Beckles: Private sector closely monitoring Coronavirus fall-out

Beckles: Private sector closely monitoring Coronavirus fall-out
Jeffrey Beckles

NASSAU, BAHAMAS – The private sector continues to keep a close eye on the global coronavirus (COVID-19) outbreak, both in terms of the protocols established locally in response to the threat and its overall impact to the global supply matrix, according to the Bahamas Chamber of Commerce and Employers Confederation’s chief executive.

Jeffrey Beckles told Eyewitness News while no major concerns have been expressed locally on the issue, the private sector is monitoring the fall-out.

“Obviously everyone is monitoring the situation,” he said.

“There are two issues, one is making sure that we do everything that is necessary on our end in terms of protocols and secondly everyone is watching the global trade matrix because China is such a major player not only in exports but also the import of material to support heir manufacturing networks.

“There hasn’t been any wide spread concern expressed over the issue but everyone is watching to make sure the protocols that are in place are strengthened. Obviously we are watching the supply matrix.”

Pia Farmer, a director at Easy Car sales, said while the company has experienced a short delay regarding vehicle shipments, the outbreak should not have a major impact on its operations.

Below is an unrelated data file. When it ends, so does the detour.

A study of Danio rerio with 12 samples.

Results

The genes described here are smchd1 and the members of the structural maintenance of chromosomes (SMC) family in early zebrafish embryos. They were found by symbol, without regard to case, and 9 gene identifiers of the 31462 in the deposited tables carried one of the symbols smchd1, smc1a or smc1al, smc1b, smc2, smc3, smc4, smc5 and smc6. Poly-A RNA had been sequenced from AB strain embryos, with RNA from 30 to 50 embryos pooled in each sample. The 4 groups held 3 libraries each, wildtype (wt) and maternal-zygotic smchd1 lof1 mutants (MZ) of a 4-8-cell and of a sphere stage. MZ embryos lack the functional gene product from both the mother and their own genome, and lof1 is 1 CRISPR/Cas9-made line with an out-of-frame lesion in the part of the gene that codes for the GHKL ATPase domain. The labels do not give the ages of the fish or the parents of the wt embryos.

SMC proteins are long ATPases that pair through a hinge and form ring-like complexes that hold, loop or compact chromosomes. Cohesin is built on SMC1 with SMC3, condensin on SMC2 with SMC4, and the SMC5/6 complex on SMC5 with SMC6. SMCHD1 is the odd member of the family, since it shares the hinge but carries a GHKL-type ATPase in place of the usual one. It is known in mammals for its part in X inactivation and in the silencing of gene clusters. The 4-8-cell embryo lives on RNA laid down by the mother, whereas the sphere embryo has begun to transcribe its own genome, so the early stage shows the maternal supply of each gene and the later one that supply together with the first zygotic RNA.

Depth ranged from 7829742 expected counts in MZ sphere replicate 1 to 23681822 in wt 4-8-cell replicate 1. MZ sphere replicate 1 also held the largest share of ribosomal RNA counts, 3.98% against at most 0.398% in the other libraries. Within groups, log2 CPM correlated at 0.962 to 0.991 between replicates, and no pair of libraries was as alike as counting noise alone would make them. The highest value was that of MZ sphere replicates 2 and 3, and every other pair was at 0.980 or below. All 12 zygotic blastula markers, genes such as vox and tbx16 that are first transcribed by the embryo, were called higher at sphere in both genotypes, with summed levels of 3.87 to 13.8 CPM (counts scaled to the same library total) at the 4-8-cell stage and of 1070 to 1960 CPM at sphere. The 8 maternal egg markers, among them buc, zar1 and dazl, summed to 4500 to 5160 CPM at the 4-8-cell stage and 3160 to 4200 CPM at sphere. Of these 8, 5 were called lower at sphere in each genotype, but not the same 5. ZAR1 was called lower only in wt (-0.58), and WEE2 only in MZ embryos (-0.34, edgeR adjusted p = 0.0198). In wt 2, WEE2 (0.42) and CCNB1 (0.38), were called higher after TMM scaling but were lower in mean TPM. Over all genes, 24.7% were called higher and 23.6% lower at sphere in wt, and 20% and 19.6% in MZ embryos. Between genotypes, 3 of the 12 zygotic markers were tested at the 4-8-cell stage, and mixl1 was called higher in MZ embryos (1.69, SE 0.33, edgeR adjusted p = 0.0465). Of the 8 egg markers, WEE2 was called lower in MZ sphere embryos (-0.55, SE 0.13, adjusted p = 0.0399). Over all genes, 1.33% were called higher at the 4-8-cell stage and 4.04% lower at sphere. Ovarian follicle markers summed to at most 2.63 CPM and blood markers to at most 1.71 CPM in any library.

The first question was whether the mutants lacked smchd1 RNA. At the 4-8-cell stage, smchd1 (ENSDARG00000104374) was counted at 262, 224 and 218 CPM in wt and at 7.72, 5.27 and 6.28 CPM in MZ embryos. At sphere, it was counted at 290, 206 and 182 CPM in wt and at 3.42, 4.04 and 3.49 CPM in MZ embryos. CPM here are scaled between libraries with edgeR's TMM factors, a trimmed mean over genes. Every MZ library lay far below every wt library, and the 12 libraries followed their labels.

Easy Car Sales is the local dealer for the China-based BYD electric vehicle brand.

“We had expected a break for Chinese New Year/Spring Holiday until Monday 10th February,” Farmer said.

“Most people went back to work from home at that time so we were able to connect remotely and there was little disruption. We received confirmation today that export shipments will resume shortly.

“The factories were the last to get on stream, most have started production outside the worst hit areas, and new orders are being accepted. There has been a short delay but it should not have a major effect as shipments were already on their way before the virus hit.”

To date, there remains no suspected, reported or confirmed cases of COVID-19 in The Bahamas.

Currently, there are more than 44,000 cases confirmed on Mainland China, with at least 1,000 deaths with spread to at least 27 countries.

The government has implemented a travel ban, blocking entry into the country to any non-resident who has visited China in the last 20 days and places all returning residents from the country in quarantine for 14 days.

The Ministry of Health’s Novel Coronavirus Preparedness and Response Plan has been developed and distributed to Bahamian ports of entry and health care facilities – focusing on monitoring and evaluating the risk of the introduction of virus to The Bahamas.